Under North Carolina law, “marital” debt is considered debt that is incurred after the date of marriage and before the date of separation by one or both spouses for the joint benefit of the parties. The fact that debt is established in the name of one spouse individually does not determine whether the debt is a marital debt or a separate debt for purposes of equitable distribution of the marital and divisible property and debts.
In an equitable distribution proceeding, a party claiming that a debt is marital debt has the burden of proving that the debt was created after the date of marriage, that it existed on the date of separation, the balance of the debt as of date of separation, and that the debt was incurred for the joint benefit of the parties. Likewise, a party claiming that a debt incurred during the marriage is the separate property of the other spouse has the burden of proving that the debt was not created for the joint benefit of the parties. Debt that is incurred before the date of marriage or after the date of separation is considered the separate property of the spouse who incurred the debt, and separate debt is not subject to equitable distribution.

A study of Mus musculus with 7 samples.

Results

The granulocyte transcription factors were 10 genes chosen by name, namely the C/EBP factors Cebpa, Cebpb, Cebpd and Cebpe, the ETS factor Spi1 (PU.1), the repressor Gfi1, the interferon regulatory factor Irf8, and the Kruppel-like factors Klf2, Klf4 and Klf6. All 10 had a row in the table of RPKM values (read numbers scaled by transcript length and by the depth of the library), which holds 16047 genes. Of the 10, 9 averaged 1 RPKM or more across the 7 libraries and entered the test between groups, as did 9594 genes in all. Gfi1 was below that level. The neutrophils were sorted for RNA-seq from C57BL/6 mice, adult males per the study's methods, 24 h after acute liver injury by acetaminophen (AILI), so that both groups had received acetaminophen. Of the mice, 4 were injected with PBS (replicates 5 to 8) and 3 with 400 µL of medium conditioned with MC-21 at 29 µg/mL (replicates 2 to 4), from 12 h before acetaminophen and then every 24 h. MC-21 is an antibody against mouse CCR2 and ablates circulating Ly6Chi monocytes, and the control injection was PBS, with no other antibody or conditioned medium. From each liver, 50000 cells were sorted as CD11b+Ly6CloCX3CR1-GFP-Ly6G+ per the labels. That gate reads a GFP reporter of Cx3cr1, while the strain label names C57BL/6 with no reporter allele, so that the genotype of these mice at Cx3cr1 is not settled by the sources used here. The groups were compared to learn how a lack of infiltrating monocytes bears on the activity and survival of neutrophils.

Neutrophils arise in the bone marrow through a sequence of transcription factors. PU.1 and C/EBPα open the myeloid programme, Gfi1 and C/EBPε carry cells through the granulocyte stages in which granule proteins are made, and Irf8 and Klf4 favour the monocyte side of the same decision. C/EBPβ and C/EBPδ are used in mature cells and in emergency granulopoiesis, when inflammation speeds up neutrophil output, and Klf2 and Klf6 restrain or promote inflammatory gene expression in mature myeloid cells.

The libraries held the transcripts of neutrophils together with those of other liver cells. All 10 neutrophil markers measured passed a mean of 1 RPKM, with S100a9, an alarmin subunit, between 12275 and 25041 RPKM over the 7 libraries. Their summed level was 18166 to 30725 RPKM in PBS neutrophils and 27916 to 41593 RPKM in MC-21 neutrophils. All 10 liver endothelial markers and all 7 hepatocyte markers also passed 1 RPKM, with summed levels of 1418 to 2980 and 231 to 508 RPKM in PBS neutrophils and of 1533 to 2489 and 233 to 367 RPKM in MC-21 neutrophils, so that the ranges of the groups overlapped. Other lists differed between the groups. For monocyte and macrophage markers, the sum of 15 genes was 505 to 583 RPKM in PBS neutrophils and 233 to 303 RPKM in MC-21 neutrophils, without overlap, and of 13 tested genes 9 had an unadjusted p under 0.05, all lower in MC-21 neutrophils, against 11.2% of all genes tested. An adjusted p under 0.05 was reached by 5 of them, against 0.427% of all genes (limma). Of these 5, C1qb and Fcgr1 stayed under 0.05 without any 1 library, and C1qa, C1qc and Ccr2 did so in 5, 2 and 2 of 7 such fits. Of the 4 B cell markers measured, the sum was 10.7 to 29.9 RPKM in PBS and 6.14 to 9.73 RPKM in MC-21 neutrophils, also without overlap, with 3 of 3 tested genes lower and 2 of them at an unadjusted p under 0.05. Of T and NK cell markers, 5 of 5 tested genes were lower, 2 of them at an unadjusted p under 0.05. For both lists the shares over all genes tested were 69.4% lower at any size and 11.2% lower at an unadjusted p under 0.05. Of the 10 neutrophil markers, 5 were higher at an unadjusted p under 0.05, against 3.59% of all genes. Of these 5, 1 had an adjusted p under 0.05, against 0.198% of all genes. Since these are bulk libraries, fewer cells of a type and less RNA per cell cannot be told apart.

It is possible for a debt to be “mixed,” or part marital and part separate property. An example of mixed debt would be if a spouse had a credit card at date of separation with an outstanding balance, and after the date of separation that spouse made additional charges on the credit card. In this situation, the balance owed on the credit card attributable to the post-separation charges would be separate debt while the amount attributable to the charges incurred during the marriage would be marital debt subject to equitable distribution between the parties.
This article is for information purposes only and is not to be considered or substituted as legal advice. The information in this article is based on North Carolina state laws in effect at the time of posting.